Warren Harding succeeded Wilson in 1921 as the American economy fell into a post-World War I inflationary recession. Although almost never mentioned, he turned an incipient Great Depression into the Roaring Twenties. I use this story in class as the last example of a classical economic policy ever put into play. Here is how his approach is described:
Harding’s pledge to restore America to a condition of “normalcy” led to his landslide victory in November 1920. In office, he cut government spending to the bone and reduced federal income tax rates across the board. As he said to Congress, the government acted during the war as if “it counted the Treasury inexhaustible”; if that pattern continued, it would result in “inevitable disaster.” To get government spending under control, Harding established the nation’s first Budget Bureau (the forerunner of today’s Office of Management and Budget) in the Treasury Department. As a result, federal spending dropped from $6.3 billion in 1920 to $5 billion in 1921 and then $3.3 billion in 1922. He supported the Revenue Act of 1921, which eliminated the wartime excess-profits tax, lowered the top marginal income tax rate from 73 to 58 percent, decreased surtaxes on incomes above $5,000, and increased exemptions for families. . . .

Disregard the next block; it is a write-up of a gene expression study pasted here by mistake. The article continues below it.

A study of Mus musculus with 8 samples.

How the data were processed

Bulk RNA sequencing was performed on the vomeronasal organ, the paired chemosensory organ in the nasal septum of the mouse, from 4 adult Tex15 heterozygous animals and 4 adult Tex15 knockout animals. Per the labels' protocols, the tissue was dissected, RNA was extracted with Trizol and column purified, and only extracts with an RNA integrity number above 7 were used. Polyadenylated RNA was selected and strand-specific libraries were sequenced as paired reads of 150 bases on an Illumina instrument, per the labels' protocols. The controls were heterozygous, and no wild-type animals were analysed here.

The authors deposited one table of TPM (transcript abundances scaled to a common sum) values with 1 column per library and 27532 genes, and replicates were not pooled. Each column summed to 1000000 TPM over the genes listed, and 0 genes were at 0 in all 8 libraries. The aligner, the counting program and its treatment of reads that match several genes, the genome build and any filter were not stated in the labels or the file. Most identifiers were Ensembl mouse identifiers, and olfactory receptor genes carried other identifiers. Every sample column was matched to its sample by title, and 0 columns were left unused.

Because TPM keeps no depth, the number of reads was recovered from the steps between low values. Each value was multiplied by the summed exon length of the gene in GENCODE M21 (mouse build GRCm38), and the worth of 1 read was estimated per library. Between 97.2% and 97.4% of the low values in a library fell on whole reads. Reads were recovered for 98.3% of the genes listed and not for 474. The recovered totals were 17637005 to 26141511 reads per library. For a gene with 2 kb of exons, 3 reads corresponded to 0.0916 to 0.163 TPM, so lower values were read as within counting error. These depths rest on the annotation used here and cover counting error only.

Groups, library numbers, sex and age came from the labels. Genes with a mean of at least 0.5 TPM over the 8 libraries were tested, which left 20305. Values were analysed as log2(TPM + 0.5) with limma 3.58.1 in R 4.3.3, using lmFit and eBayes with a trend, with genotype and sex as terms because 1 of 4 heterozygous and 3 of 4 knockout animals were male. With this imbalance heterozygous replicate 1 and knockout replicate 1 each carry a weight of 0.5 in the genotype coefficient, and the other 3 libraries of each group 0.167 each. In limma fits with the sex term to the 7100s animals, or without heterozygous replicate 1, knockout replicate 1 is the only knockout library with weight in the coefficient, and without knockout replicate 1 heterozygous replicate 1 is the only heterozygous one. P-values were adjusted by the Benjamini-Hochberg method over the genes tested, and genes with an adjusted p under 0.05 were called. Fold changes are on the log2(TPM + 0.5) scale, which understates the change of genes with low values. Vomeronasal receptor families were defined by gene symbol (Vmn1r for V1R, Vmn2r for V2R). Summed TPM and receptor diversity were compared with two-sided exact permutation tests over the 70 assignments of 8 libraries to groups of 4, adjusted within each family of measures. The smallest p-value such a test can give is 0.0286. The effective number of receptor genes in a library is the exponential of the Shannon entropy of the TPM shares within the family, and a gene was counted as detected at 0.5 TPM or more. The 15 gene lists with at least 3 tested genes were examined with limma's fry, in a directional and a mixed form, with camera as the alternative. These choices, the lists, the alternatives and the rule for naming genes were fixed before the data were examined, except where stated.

Many people, he noted, benefited from the gains made “as a result of the economic measures he implemented.” Unemployment fell from 15.6 percent to 9 percent. The industrial side of the economy revived at a rapid pace. A boom took place in construction, clothing, food, and automobile sectors. From 1921 to 1923, the volume of manufacturing climbed 54 percent.
Cut public spending, cut taxes and balance the budget. A radical idea even then and today beyond the pale.